Jennifer Moeller interview: ‘Dickinson’ costume designer
During the first season of “Dickinson,” the recently orphaned Sue Gilbert (Ella Hunt) spent much of her time onscreen in mourning. But Sue blossoms in Season 2 of the Apple TV+ series, an evolution that allowed costume designer Jennifer Moeller to unleash the character’s full sartorial potential.
“She goes from this poor orphan in Season 1 who only has a handful of dresses to this glamorous socialite who never wears the same dress twice and is throwing all these soirees,” Moeller says during the Gold Derby Meet the Experts: Costume Designers panel. Watch the exclusive video interview above.
To dress the young cast of “Dickinson” in period-appropriate clothes, Moeller does loads of research into the era. “During the 1850s and 1860s, there was a publication called ‘Cody’s Lady’s Book,’ which was one of the early magazines — women’s magazines. There are all these beautiful fashion plates in them and we really didn’t get to use those in Season 1 because this is Amherst, a small town in Western Mass,” Moeller says. “But this season I got to look at those and use those for Sue’s looks and go into more sumptuous shapes and beautiful fabrics and trims and buttons. We got to go whole-hog for everything.”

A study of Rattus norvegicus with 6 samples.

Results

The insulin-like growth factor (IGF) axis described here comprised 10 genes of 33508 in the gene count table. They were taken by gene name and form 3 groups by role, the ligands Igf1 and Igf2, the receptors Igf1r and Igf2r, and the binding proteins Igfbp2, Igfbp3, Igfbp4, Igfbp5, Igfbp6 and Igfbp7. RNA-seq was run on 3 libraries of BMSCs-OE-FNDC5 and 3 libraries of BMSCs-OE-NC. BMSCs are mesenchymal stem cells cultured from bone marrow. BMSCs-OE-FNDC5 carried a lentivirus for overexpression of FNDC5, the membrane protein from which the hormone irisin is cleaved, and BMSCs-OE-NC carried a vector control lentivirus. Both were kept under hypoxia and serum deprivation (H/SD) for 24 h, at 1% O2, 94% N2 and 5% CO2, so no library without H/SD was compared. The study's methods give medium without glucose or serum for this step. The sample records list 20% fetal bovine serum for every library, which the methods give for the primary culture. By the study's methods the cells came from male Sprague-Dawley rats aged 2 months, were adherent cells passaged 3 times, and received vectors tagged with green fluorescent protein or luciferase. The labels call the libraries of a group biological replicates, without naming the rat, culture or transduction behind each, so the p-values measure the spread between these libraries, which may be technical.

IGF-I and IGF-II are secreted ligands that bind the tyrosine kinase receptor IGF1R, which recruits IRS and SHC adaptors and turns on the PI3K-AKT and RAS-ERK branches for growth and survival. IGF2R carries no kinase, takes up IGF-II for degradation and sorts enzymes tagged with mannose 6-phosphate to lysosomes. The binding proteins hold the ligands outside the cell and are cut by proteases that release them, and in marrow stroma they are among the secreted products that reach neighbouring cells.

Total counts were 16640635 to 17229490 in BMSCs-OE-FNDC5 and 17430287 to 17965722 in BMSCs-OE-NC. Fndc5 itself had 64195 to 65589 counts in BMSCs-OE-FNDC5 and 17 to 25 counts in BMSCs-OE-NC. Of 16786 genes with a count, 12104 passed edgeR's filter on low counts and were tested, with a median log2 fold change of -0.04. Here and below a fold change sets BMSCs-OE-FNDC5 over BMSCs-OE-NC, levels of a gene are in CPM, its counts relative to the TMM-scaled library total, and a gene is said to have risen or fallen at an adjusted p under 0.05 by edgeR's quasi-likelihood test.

A hallmark of “Dickinson,” which stars Hailee Steinfeld as the title character, is that it balances its bygone era with modern embellishments like an anachronistic score and soundtrack and a diverse cast of characters. But for Moeller, the goal is to make sure the clothes match the era.
“I do design to be as accurate as possible in the period. I look at real period clothes and what’s happening in the world at the time because context is everything,” she explains. “My hope is that when the viewer is watching you think you’re in the 1850s and 1860s. I’m not trying to bump us out of there. I do think the contrast, the play between the contemporary and the period is really the joy of ‘Dickinson.’ That said, I definitely take a lot of liberty. I try to appeal to the modern eye whenever possible.”